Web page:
By Lee JK, Son JK, Spevak MR
An infant born at 35 weeks’ gestational age was diagnosed prenatally with small bowel obstruction via ultrasonography and fetal magnetic resonance imaging (MRI). Given the bowel obstruction and significant output of bilious fluid, a nasogastric tube was placed shortly after birth. At day 2 of life, the infant underwent a fluoroscopic upper gastrointestinal (UGI) series with small-bowel follow through (SBFT). A genetic workup and a complete abdominal ultrasound were also performed to evaluate for other anomalies prior to surgical repair.
Fetal MRI performed at 28 weeks’ gestational age demonstrated multiple fluid-filled and dilated loops of bowel in the left upper abdomen with some extension into the right abdomen (Figure 1). Residual distal loops of bowel and colon were decompressed. Abdominal radiography performed shortly after birth revealed a gas-filled stomach and dilated duodenum and proximal jejunum with a suction catheter present (Figure 2).
Subsequent UGI with SBFT demonstrated a distended duodenum and proximal jejunum that abruptly ended in the right abdomen, with a complete paucity of bowel gas distally (Figure 3). Delayed (100-min) abdominal radiography demonstrated the lack of contrast progression (Figure 4). Abdominal ultrasound revealed a dilated, fluid-filled duodenum and dilated loops of proximal jejunum, with the remaining abdomen appearing unremarkable (Figures 5, 6).
Subsequent exploratory laparotomy revealed a proximal jejunal atresia with two additional distal atretic segments, plus an “apple peel” deformity. The first atresia was noted to be located 12 cm distal to the ligament of Treitz.
Atresia, considered one of the most common causes of congenital bowel obstruction, is characterized as a congenital defect that results in complete obstruction of the lumen.1 Jejunal and/or ileal atresia is present in 1 in 3,000-5,000 births and constitutes approximately 39% of all intestinal atresias.2 Jejunoileal atresia results from an ischemic insult during pregnancy; the injury can be secondary to intussusception, perforation, volvulus, intestinal strangulation via hernia, or thromboembolism. Additional factors such as maternal smoking and cocaine use have also been associated with intestinal atresia.3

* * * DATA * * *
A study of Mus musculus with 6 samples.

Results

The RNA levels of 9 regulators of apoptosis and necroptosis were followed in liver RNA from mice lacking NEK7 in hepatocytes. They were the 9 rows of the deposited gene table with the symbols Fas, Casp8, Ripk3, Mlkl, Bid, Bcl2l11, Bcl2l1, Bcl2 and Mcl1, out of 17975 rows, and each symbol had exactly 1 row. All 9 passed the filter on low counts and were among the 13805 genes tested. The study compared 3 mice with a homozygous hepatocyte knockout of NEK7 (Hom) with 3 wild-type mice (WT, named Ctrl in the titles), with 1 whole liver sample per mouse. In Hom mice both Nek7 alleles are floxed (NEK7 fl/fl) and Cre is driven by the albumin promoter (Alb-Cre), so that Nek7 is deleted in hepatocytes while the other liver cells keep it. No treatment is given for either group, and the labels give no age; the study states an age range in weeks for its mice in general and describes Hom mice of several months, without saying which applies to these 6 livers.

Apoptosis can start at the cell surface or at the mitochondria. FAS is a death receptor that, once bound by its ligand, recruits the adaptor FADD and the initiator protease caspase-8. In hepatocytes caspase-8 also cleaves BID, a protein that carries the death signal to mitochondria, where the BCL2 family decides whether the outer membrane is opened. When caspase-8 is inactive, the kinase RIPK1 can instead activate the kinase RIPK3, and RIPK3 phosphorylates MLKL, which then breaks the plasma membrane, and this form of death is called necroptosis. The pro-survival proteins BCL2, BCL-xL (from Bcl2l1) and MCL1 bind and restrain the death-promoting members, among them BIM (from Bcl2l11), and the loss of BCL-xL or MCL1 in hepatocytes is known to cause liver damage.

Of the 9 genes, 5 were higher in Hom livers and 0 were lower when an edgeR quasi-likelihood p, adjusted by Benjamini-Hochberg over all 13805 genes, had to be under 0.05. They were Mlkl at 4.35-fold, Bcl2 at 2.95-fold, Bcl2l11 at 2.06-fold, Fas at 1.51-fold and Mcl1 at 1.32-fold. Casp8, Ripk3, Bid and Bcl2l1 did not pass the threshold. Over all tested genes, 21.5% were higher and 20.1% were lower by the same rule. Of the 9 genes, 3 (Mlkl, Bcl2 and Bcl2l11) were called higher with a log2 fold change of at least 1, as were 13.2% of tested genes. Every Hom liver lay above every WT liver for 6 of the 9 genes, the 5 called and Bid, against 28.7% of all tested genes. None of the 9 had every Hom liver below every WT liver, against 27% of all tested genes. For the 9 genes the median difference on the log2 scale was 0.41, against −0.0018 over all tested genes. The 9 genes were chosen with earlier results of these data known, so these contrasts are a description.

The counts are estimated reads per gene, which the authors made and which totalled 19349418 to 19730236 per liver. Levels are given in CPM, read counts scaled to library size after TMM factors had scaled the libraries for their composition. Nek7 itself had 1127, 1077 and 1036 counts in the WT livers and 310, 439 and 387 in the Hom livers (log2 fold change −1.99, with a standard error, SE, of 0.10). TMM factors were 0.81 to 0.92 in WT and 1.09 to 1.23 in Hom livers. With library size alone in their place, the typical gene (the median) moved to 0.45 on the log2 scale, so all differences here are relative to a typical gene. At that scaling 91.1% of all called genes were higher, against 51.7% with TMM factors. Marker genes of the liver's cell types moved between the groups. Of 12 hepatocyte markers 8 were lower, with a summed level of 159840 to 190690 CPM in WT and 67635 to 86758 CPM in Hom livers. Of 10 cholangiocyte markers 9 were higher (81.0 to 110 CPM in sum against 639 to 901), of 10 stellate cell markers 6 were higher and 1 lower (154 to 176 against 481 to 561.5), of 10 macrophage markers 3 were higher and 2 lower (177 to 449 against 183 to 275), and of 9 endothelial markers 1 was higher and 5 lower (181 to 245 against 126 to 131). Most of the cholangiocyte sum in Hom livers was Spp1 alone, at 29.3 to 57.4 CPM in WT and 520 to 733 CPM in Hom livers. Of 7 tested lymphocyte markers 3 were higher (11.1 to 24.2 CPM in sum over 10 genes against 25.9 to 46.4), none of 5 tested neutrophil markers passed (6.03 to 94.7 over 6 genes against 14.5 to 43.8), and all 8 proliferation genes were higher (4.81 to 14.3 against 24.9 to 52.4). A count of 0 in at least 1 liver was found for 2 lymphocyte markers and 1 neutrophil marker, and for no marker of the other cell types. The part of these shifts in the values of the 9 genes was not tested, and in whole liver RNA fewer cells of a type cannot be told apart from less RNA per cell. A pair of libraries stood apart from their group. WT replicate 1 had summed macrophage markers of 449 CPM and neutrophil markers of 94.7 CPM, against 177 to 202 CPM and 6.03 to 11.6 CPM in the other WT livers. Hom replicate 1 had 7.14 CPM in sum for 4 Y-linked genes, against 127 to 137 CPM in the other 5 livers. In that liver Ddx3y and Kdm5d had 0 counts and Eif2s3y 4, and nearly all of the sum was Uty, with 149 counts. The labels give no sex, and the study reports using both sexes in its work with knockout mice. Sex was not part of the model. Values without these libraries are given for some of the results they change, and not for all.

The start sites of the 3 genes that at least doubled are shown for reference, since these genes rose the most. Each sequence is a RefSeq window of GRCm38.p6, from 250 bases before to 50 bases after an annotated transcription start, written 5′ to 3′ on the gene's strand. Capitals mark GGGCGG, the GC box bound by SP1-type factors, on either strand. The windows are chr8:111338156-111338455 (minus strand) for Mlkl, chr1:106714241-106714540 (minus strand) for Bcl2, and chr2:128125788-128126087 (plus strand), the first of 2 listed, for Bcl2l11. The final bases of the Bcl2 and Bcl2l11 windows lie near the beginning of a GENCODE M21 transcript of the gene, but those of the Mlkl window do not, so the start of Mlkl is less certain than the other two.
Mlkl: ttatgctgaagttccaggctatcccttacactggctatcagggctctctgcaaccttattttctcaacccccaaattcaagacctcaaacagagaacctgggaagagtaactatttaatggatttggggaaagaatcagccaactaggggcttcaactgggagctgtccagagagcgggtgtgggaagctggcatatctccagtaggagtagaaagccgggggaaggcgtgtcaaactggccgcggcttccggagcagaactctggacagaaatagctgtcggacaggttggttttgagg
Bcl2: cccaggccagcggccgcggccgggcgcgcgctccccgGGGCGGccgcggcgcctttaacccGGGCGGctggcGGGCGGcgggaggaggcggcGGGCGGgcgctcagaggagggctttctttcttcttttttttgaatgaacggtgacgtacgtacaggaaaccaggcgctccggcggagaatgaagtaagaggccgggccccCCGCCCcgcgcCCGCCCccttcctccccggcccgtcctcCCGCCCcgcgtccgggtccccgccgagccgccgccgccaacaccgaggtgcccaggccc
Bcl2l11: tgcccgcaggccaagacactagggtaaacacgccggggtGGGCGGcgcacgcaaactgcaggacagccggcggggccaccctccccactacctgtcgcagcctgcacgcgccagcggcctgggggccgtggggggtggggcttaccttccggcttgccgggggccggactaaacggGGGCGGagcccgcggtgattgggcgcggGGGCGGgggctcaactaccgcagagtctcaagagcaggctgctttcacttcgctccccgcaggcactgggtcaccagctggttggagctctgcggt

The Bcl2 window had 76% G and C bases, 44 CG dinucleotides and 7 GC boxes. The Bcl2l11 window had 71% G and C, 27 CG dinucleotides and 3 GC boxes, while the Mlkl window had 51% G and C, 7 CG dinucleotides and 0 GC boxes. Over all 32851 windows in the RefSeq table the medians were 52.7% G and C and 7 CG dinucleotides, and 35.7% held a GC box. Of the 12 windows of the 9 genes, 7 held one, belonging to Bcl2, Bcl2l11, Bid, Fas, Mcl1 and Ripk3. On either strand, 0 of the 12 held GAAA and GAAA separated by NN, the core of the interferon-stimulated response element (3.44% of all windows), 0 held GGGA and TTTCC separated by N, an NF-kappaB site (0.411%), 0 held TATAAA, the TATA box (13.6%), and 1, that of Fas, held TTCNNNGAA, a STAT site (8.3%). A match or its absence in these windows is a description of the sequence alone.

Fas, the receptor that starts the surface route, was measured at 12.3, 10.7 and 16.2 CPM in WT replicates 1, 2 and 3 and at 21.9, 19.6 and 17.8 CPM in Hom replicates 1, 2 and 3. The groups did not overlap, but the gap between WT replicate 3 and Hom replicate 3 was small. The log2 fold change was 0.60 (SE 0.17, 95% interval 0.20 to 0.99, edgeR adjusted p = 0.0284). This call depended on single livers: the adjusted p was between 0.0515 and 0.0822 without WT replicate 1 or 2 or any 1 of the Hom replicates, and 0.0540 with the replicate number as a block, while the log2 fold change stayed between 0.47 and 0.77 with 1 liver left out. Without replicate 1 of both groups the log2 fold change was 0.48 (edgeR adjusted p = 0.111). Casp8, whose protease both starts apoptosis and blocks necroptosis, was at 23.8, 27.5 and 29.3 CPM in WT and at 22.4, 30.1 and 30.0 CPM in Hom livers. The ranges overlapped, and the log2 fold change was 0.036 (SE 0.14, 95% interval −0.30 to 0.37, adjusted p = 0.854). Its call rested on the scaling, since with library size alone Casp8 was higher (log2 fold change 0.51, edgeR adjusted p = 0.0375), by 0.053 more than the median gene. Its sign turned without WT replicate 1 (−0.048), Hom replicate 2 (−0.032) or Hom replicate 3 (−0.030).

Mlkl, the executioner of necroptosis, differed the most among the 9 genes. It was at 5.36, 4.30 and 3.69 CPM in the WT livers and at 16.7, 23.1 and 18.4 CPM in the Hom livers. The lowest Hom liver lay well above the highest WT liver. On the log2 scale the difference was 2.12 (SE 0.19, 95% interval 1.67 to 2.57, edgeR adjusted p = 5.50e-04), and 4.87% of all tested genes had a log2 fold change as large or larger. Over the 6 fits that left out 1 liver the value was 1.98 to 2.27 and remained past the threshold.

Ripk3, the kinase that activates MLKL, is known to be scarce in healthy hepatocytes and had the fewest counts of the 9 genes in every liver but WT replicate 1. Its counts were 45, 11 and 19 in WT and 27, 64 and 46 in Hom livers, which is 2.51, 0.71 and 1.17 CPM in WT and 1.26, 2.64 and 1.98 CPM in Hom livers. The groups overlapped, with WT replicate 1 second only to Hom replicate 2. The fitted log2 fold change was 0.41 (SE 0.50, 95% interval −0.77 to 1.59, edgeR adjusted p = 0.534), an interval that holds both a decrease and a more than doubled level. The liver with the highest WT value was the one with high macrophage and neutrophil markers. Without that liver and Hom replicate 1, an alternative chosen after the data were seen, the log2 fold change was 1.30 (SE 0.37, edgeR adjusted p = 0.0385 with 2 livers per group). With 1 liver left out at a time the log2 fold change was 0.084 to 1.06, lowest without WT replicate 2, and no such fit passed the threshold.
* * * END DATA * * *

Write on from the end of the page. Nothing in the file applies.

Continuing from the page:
Newborns typically present with feeding difficulties, bilious vomiting, distended abdomen, and absence of bowel movements.4 Although ultrasound is the imaging modality of choice for screening and preliminary identification of fetal abnormalities, MRI evaluation of the fetal gastrointestinal tract is increasingly utilized.2 Postnatally, fluoroscopic contrast studies can be helpful in assessing the location and type of obstruction prior to surgery.
Atresia is a common form of bowel obstruction that appears as an abrupt, rounded end to a lumen. Early diagnosis and prompt surgical intervention is key to avoiding bowel ischemia and restoring continuation of bowel.
- Wesson DE. Intestinal atresia. UpToDate. 2019. https://www.uptodate.com/contents/intestinal-atresia. Accessed December 2019.
- Rubio EI, Blask AR, Badillo AT, et al. Prenatal magnetic resonance and ultrasonographic findings in small-bowel obstruction: imaging clues and postnatal outcomes. Pediatr radiol. 2017; 47: 411-421.
- Morris G, Kennedy Jr. A, Cochran W. Small bowel congenital anomalies: a review and update. Curr Gastroenterol Rep. 2016; 18:16.
- Genetic and Rare Diseases Information Center (GARD). https://rarediseases.info.NIH.gov/diseases/6799/jejunal-atresia. Accessed December 17, 2019.